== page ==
West Virginia Senate: The Battle of Who Can Love Coal More

For indispensable reporting on the coronavirus crisis and more, subscribe to Mother Jones' newsletters.


The controversy about the Republicans’ ads featuring “hicky” actors in West Virginia, which were pulled this afternoon, has overshadowed the stink of desperation coming from the Manchin campaign this week.

Democratic Senate candidate and current Gov. Joe Manchin announced Wednesday that the state is suing the Environmental Protection Agency over mining rules. The timing is no small coincidence; while he was expected to cruise to an easy victory, Manchin is five points behind Republican John Raese in the most recent polls. In announcing the suit, Manchin accused the EPA of slowing down the permitting of mountaintop removal coal mining sites. “The EPA’s illegal actions unfortunately will hurt the West Virginia economy,” Manchin said Wednesday. “It’s a shame when you have to sue your own government.”

Indeed, Obama’s EPA has subjected these controversial permits to more scrutiny under the Clean Water Act and granted fewer permits than it did under George W. Bush. But coal companies are still blowing up mountains and dumping the waste in valleys.

Manchin is clearly hoping that distancing himself from President Obama will help him politically—and the EPA lawsuit is just the latest in a series of similar moves, as he accused the administration of trying “to destroy our coal industry and way of life.” And while he insists that the suit has been in the works since April, it’s hard not to notice the timing of the announcement.

After all, getting elected in West Virginia seems to require keeping the coal industry as happy as possible, and Manchin has never been shy about his support for the industry. On the endorsement front, Manchin already has the backing of the West Virginia Coal Association, which represents 90 percent of the coal producers in the state, as well as the United Mine Workers of America. The head of the association joined him at yesterday’s event.

But that hasn’t kept Raese from painting his opponent as anti-coal. The Republican’s latest campaign ad accuses Manchin of backing the Obama administration’s energy and climate policies. “Obama said he wants to tax coal, even to bankruptcy. Cap and trade’s carbon taxes would destroy the coal industry,” the ad’s narrator says. “Manchin’s already signed West Virginia’s cap and trade into law. It’s time we say no to rubber stamp Joe.”

It was probably inevitable, of course, that the West Virginia race would become a battle of who can love coal more. Apparently Manchin is still hoping to win it.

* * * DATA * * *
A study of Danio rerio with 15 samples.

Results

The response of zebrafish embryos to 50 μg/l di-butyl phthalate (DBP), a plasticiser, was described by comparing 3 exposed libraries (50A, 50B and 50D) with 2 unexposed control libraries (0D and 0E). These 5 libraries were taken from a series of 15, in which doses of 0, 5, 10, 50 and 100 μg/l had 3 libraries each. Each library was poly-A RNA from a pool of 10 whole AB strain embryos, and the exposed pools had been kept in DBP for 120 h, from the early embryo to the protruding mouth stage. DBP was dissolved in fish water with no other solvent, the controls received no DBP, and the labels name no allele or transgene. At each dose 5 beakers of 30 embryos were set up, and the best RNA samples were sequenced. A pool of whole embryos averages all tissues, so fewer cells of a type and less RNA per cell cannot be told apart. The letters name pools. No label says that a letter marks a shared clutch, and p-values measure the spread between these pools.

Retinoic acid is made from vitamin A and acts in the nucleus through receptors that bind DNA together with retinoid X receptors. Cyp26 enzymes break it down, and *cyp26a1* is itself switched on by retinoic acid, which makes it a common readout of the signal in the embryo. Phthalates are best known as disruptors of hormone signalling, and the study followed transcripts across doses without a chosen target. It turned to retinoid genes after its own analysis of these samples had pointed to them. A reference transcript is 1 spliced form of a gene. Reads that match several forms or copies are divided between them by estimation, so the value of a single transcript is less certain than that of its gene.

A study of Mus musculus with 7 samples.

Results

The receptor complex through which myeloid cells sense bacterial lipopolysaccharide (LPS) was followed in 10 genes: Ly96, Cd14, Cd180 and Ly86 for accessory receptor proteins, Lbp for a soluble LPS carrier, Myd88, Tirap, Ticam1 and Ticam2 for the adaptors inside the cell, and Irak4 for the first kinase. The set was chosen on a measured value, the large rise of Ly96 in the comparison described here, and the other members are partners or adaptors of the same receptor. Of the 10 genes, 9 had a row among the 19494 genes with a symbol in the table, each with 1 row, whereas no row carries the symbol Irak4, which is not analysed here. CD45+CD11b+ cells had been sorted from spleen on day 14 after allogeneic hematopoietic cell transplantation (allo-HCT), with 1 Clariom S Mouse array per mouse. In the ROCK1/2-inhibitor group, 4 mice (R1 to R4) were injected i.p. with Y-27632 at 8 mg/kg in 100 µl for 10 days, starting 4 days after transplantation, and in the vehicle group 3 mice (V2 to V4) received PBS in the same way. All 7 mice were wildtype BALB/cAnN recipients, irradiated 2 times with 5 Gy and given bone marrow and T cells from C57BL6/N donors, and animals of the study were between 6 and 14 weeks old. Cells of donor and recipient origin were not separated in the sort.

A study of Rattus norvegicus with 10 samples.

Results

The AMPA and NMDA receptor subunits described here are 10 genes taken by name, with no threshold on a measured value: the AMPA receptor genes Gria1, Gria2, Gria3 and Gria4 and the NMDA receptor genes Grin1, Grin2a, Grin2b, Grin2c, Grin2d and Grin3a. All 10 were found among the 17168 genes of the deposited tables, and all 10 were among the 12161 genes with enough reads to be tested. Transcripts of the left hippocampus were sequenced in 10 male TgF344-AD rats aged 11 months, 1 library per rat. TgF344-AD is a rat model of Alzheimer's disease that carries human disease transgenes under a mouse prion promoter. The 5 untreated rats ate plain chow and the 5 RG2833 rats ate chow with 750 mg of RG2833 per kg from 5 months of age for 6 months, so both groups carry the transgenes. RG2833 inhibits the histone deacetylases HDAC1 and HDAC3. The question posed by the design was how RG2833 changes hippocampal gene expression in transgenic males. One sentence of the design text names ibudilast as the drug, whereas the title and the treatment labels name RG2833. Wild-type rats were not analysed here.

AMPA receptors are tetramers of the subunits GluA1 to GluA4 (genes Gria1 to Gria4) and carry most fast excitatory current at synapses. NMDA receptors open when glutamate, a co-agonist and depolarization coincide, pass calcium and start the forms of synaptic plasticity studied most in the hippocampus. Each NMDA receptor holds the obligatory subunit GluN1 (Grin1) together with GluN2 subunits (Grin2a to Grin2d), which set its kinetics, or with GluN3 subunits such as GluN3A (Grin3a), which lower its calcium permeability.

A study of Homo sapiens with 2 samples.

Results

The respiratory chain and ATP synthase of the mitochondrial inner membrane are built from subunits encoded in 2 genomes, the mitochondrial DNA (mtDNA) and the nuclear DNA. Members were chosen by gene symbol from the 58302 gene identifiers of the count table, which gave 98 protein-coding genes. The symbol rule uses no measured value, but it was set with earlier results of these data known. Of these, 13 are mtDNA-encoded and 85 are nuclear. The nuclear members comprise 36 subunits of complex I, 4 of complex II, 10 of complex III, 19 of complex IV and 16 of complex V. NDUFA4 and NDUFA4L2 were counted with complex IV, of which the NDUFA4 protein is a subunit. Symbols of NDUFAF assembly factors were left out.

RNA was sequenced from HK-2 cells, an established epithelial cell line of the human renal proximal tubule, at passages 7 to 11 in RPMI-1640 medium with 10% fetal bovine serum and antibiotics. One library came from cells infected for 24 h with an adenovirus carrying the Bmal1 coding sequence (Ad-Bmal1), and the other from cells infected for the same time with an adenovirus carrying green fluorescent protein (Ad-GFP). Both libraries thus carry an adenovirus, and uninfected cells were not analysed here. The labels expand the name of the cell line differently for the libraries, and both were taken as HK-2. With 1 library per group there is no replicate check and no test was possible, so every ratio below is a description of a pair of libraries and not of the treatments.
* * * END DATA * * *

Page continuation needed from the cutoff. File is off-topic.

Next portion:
Thank you!

We didn't know what to expect when we told you we needed to raise $400,000 before our fiscal year closed on June 30, and we're thrilled to report that our incredible community of readers contributed some $415,000 to help us keep charging as hard as we can during this crazy year.

You just sent an incredible message: that quality journalism doesn't have to answer to advertisers, billionaires, or hedge funds; that newsrooms can eke out an existence thanks primarily to the generosity of its readers. That's so powerful. Especially during what's been called a "media extinction event" when those looking to make a profit from the news pull back, the Mother Jones community steps in.

The months and years ahead won't be easy. Far from it. But there's no one we'd rather face the big challenges with than you, our committed and passionate readers, and our team of fearless reporters who show up every day.

Thank you!

We didn't know what to expect when we told you we needed to raise $400,000 before our fiscal year closed on June 30, and we're thrilled to report that our incredible community of readers contributed some $415,000 to help us keep charging as hard as we can during this crazy year.

You just sent an incredible message: that quality journalism doesn't have to answer to advertisers, billionaires, or hedge funds; that newsrooms can eke out an existence thanks primarily to the generosity of its readers. That's so powerful. Especially during what's been called a "media extinction event" when those looking to make a profit from the news pull back, the Mother Jones community steps in.

The months and years ahead won't be easy. Far from it. But there's no one we'd rather face the big challenges with than you, our committed and passionate readers, and our team of fearless reporters who show up every day.

We Recommend

Latest

Sign up for our newsletters

Subscribe and we'll send Mother Jones straight to your inbox.

Get our award-winning magazine

Save big on a full year of investigations, ideas, and insights.

Subscribe

Support our journalism

Help Mother Jones' reporters dig deep with a tax-deductible donation.

Donate

We have a new comment system! We are now using Coral, from Vox Media, for comments on all new articles. We'd love your feedback.